This book presents the first comprehensive analysis of the political communication elite– high-ranking journalists, editors, politicians and their communication advisors – that shapes the content and form of political messages, news, debate and decisions in modern democracies.
Based on an innovative combination of elite theory and political communication studies, the book develops an integrated and comprehensive approach to elite cohesion in political communication, focusing on the extent and patterns of attitudinal consonance among media and political elites.
Building on unique survey data from more than 1,500 high-ranking politicians and journalists in six European countries (Sweden, Denmark, Germany, Austria, France and Spain), the book provides unique insights into current reality of mediatized politics, and the key players shaping it.
List of Figures / 1. Introduction / 2. Elites in Mediatized Politics / 3. A Model of Elite Cohesion within Political Communication / 4. Political Communication Elites in the European Context / 5. Inter-Sectoral Cohesion in Political Communication / 6. Sector-Internal Cohesion of Media and Political Elites / 7. Elite Cohesion as an Explanatory Factor / 8. Conclusion / References / Appendix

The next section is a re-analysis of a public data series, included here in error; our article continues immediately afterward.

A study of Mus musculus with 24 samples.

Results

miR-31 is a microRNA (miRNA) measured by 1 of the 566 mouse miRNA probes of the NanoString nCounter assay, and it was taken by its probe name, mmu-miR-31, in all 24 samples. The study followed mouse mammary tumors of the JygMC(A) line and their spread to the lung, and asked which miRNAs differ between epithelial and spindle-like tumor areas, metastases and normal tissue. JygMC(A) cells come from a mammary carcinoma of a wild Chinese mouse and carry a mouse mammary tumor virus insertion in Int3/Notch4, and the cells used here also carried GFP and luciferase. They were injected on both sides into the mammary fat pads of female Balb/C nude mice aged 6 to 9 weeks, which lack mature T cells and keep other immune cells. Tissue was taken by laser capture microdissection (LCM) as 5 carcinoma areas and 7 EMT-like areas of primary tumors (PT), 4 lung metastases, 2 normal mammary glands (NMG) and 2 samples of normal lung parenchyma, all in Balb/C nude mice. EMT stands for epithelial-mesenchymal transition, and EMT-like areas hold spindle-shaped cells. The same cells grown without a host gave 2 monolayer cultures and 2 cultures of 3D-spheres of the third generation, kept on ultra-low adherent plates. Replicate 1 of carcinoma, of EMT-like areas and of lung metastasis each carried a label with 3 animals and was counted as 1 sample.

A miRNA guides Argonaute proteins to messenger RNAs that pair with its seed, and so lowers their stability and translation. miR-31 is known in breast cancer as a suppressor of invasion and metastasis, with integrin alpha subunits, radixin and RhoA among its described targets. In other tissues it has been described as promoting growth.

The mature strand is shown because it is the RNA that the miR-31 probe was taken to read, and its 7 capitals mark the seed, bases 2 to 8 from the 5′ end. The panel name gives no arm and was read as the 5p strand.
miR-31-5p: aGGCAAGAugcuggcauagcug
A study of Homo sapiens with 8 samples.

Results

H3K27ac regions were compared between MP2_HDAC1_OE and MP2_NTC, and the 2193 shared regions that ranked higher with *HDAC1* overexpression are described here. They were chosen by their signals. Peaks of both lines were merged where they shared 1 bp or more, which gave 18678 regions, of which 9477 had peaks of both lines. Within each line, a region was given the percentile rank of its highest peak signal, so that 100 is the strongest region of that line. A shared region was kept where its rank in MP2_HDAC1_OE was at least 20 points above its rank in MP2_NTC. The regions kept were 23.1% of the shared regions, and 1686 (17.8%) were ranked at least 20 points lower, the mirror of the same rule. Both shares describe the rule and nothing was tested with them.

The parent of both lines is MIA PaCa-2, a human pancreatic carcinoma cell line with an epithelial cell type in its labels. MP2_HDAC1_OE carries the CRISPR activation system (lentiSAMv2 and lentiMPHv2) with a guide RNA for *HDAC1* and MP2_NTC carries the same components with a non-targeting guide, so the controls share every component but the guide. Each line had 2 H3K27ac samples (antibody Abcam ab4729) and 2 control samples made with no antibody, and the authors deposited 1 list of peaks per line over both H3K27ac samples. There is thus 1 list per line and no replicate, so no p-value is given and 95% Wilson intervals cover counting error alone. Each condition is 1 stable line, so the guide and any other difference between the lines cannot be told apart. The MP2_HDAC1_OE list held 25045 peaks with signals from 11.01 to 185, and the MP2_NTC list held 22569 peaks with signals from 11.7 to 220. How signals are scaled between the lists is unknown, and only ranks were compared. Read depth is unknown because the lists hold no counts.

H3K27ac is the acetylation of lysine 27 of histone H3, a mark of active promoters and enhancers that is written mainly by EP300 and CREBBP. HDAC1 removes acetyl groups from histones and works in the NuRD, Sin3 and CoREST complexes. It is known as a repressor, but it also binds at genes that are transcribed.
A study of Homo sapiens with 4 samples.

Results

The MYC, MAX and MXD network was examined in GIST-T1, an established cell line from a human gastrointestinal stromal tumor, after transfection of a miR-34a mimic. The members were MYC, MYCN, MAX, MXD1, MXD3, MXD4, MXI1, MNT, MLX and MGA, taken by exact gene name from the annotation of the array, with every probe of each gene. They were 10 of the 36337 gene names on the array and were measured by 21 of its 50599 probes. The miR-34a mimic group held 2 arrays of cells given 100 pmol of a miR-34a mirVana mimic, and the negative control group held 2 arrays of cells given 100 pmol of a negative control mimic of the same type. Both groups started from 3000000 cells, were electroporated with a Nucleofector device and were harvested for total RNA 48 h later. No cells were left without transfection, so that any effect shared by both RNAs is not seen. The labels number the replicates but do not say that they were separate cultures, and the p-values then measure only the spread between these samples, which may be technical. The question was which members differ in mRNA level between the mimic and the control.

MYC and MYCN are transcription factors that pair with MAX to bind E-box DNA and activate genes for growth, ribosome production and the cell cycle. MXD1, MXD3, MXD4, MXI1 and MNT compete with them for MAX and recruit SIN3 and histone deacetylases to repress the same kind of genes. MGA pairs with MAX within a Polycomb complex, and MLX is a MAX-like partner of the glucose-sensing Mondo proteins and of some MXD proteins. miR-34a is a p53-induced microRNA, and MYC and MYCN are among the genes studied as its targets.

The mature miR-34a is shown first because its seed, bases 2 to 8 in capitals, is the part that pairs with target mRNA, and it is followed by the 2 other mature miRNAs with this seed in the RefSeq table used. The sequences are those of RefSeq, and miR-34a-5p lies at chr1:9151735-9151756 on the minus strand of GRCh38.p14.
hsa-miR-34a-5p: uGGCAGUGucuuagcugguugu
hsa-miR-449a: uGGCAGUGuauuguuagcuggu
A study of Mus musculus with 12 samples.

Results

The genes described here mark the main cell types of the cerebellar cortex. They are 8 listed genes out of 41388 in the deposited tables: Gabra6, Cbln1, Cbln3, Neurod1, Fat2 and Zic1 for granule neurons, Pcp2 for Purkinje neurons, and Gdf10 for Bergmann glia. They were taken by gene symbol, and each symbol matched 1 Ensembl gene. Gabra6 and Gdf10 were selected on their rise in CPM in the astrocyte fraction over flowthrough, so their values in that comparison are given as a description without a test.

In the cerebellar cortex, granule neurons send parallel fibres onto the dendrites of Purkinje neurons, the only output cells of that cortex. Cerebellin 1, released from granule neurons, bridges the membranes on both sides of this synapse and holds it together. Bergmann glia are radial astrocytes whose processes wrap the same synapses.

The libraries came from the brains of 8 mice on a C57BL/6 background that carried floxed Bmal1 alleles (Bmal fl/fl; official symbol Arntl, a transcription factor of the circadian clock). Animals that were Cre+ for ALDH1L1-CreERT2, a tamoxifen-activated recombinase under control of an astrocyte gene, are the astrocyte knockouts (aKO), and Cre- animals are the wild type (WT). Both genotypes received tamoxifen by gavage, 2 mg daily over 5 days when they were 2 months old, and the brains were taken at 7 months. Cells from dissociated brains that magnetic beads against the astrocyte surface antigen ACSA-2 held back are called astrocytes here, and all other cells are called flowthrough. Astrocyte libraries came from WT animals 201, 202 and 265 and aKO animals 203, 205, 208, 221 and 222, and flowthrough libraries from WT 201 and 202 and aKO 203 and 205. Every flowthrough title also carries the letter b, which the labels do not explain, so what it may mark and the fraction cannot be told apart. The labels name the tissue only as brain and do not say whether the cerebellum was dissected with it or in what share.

Eva Mayerhöffer is Assistant Professor of Journalism at the Department of Communication and Arts, University of Roskilde. She holds a Ph.D. in Political Communication from Freie Universität Berlin. Her research focuses on elites in modern democracies, political communication, comparative media studies, journalism cultures and populism.
Mayerhöffer’s book is a complex study of the role orientations of media and political elites in six European countries. It analyzes the impact of the political context on the degrees of distinction, cohesion and collusion among the three groups, drawing on theoretical approaches of both communications and elite research. This important book develops an innovative approach for studying the relations among elite groups that are of central importance for our modern democracies.